The last few times I’ve visited the Taco Time in Bellevue, WA the manager has approached our table near the end of our visit to ask if we were pleased with the food and service. The last time I purchased tires, the manager of Discount Tire stopped by to meet me when I returned to pickup my car. He wanted to ensure I was satisfied with my new tires and the service his employees rendered. And I recently wrote about my experience at a local carwash where the owner went out of his way to learn about me.
This got me thinking about how well I know the customers in my line of business and how often do I reach out to them. And more importantly, how well do I know what they are looking for. Why do they choose to do business with us over a competitor or vice versa? What could we do better? Which customers are our biggest fans?
These are a few questions I’ve asked myself as our business has become more competitive yet our market is shrinking.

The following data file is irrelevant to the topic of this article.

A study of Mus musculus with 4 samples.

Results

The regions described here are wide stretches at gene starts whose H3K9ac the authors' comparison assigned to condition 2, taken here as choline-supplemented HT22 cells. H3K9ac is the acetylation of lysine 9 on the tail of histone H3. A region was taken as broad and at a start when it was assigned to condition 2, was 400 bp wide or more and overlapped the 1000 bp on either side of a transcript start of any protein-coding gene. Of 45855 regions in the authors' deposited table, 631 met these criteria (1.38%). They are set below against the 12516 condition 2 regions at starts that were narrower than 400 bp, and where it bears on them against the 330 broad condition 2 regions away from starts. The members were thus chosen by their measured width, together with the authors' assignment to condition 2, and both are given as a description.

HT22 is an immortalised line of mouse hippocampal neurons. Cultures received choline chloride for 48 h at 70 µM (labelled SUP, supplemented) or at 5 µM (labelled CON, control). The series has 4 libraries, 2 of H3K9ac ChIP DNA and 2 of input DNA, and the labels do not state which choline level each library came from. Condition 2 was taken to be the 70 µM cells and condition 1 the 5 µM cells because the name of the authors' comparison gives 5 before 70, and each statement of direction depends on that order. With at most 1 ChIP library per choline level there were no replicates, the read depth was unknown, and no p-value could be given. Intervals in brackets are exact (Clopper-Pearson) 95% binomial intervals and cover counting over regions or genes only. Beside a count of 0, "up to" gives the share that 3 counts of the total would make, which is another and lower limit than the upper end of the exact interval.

If given a choice, I will do business with people I know and have build a relationship. That ranges from a $20 haircut to a $20,000 car. I find it curious that some owners make it a priority to get to know their customers and some don’t seem to care. Are you willing to step out from behind your desk and actively search for opportunities? Or will you kick back and browse through the customer surveys once a month?
I once worked for a company where, at the end of every project, the CEO called the client. Instead of focusing on the survey return rate, his focus was on listening to each customer. He’d organize the feedback, both positive and negative, and present it at our company meeting each month. This feedback was much more valuable than raw numbers. Most customers appreciate the opportunity to speak with the CEO. It sends the message, “Your business is important to us”.
A few weeks ago I took in a pair of shoes for repair. The man who took my shoes was the owner. He repaired the shoes and took my money when I came back for them. When he said, “I appreciate your business” I knew he meant it. It wasn’t some required scripted question we’ve all heard like “Would you like to save 10% today by applying for a Target card?” Not every business is small enough to allow the owner to interact with all clients. But I believe all business owners should look for opportunities to listen to their clients and encourage their employees to do the same.